Late Miocene to Late Pleistocene; Recent.
Panama to North Carolina.
For information on the modern distribution of the species, see Malacolog.
Original Description (from Say, 1822, p. 275-276):
"Shell compressed, oblong, narrowed and angulated before, white; numerous parallel, equal, equidistant, impressed concentric lines, which on the anterior margin are alternately obsolete; interstitial spaces flat; within tinged with yellow, a callous line, which is sometimes obsolete, passes from behind the hinge to the inner margin of the posterior cicatrix, and another from before the hinge to the inner margin of the anterior cicatrix; anterior hinge tooth emarginate; posterior lamellar tooth very near the cardinal teeth, so as to appear like a primary tooth, that of the right valve wanting; anterior lamellar tooth at the extremity of the ligament; anterior hinge slope declining in a somewhat concave line to an obliquely truncated tip.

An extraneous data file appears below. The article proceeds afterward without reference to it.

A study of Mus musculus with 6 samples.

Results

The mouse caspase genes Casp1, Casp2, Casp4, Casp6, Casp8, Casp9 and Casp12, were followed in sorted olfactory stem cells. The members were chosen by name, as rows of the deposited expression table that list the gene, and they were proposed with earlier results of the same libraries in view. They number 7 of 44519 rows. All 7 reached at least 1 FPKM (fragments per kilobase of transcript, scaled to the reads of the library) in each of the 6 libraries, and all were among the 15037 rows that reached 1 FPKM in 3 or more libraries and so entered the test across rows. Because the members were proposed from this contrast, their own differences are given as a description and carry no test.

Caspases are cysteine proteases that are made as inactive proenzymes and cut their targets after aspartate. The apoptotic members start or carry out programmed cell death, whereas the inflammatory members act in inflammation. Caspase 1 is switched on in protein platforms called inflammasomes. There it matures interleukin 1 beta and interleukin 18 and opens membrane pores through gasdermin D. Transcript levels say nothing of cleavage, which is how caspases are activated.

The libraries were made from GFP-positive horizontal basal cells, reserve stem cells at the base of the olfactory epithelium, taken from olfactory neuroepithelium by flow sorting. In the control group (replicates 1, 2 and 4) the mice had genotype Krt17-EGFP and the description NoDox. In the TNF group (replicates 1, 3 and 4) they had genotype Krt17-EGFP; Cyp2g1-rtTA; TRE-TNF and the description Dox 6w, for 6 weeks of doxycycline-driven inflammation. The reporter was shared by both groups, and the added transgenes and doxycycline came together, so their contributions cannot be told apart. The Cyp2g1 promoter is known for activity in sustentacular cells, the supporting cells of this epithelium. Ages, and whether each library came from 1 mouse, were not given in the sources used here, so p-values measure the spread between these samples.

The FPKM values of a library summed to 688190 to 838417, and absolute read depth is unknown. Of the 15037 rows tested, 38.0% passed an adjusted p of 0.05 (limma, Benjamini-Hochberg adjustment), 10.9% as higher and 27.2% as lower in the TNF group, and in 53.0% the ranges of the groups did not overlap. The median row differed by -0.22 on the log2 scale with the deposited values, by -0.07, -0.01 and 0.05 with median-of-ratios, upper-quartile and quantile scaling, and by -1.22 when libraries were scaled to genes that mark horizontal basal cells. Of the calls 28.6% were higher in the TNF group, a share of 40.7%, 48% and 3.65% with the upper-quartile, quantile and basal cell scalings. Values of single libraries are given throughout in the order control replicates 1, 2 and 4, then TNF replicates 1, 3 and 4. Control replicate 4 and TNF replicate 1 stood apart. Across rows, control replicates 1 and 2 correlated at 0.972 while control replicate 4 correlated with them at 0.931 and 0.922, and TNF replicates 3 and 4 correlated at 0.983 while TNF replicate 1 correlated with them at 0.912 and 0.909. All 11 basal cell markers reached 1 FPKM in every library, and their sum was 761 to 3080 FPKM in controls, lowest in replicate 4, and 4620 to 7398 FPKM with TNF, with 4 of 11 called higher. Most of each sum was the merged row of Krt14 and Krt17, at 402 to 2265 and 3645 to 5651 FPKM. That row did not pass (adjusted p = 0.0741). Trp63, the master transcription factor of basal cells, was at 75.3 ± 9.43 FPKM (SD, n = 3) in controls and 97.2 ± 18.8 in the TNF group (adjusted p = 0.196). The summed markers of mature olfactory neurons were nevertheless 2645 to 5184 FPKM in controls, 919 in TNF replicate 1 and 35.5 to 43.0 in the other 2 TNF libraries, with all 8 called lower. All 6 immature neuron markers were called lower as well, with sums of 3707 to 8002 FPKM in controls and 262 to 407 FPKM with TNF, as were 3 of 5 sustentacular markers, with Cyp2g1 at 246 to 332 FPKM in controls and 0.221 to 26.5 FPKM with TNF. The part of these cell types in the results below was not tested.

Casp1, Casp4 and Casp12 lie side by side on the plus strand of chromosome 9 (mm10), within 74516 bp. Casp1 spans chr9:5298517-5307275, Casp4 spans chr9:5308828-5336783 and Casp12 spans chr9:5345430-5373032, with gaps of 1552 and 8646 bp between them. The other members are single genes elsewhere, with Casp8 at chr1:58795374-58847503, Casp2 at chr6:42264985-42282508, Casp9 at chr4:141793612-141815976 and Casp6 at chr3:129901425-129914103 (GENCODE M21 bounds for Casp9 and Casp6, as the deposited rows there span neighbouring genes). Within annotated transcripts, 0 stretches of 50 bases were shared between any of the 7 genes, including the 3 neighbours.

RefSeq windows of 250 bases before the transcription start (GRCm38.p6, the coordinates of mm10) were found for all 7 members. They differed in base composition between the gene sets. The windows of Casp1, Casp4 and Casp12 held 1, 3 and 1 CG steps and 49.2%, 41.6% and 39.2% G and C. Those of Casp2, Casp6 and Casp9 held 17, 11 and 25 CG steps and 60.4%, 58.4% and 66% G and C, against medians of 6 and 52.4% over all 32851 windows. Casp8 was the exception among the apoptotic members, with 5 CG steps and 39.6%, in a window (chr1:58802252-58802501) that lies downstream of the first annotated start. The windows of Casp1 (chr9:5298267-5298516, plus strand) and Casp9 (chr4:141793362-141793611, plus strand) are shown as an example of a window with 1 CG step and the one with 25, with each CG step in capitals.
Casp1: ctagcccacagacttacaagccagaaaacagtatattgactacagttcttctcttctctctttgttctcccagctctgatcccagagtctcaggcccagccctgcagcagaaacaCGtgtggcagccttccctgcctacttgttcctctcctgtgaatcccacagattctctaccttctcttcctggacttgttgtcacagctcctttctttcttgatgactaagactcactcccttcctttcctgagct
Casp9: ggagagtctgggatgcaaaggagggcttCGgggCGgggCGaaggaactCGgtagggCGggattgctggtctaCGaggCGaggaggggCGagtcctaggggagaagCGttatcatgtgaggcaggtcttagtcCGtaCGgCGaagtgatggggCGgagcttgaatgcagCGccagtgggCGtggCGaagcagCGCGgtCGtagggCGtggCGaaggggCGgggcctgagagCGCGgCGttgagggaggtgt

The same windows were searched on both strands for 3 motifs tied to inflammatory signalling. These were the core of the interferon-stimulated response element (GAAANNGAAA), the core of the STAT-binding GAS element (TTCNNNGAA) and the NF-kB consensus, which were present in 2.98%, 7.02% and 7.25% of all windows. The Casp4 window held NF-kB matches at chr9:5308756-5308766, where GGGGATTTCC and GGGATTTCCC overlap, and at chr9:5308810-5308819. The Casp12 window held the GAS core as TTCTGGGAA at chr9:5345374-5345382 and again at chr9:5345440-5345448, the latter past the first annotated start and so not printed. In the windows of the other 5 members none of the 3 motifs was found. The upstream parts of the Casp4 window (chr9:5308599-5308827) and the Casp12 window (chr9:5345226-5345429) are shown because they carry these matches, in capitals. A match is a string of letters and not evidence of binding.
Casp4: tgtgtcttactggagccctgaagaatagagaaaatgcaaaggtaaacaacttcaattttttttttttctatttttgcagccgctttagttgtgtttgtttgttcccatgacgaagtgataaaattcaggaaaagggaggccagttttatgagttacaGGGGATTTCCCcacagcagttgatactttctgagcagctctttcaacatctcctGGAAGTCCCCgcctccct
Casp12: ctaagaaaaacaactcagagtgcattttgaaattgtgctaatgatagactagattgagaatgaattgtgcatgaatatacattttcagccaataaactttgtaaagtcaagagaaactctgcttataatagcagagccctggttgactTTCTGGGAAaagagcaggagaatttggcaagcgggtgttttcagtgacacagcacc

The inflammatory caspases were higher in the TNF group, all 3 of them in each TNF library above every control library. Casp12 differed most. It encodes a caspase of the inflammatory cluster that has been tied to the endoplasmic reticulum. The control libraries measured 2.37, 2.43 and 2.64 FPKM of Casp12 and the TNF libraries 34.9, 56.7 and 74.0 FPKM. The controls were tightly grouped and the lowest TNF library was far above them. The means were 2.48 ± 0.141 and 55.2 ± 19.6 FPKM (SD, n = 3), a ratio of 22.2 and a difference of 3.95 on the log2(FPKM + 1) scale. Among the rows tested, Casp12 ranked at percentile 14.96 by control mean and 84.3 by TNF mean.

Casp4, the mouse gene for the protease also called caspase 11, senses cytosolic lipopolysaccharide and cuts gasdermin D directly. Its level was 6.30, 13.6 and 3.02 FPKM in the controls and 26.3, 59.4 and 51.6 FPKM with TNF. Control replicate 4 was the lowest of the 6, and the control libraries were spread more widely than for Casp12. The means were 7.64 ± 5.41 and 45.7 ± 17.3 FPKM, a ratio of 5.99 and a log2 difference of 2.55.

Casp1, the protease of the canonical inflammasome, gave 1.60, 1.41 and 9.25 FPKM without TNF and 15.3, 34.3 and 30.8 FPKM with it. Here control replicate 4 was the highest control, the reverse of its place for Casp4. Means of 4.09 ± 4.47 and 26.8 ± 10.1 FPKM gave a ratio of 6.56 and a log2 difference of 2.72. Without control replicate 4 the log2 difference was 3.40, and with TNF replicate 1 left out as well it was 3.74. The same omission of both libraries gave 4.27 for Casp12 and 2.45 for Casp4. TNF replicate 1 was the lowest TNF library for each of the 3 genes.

Length one inch and one-fourth.
Width two inches and one-fifth.
Thickness two-fifths of an inch.
Inhabits the coast of Georgia and East Florida.
Cabinet of the Academy and Philadelphia Museum.
Rather a common shell, beautifully and very regularly striated. When cast upon the beach, one of the valves is very commonly perforated near the hinge; this operation, it would seem, is most frequently performed upon the left valve, as, of ten specimens thus mutilated, I have but two with the perforation upon the right valve. It varies in being destitute of the yellow colour within. It is probably allied to T. punicea, but I have never found it so far north as the coast of New Jersey. It is much more elongated than the latter, the striae are far more distinct, and it is entirely and always destitute of the rose-coloured bands, and lines, such as are represented in Horn's figure of that shell. It cannot be the T. angulosa of Gmel., as that species is described to be suborbicular, and to have the lateral teeth remote, whereas the alternata has but one of the lateral teeth remote."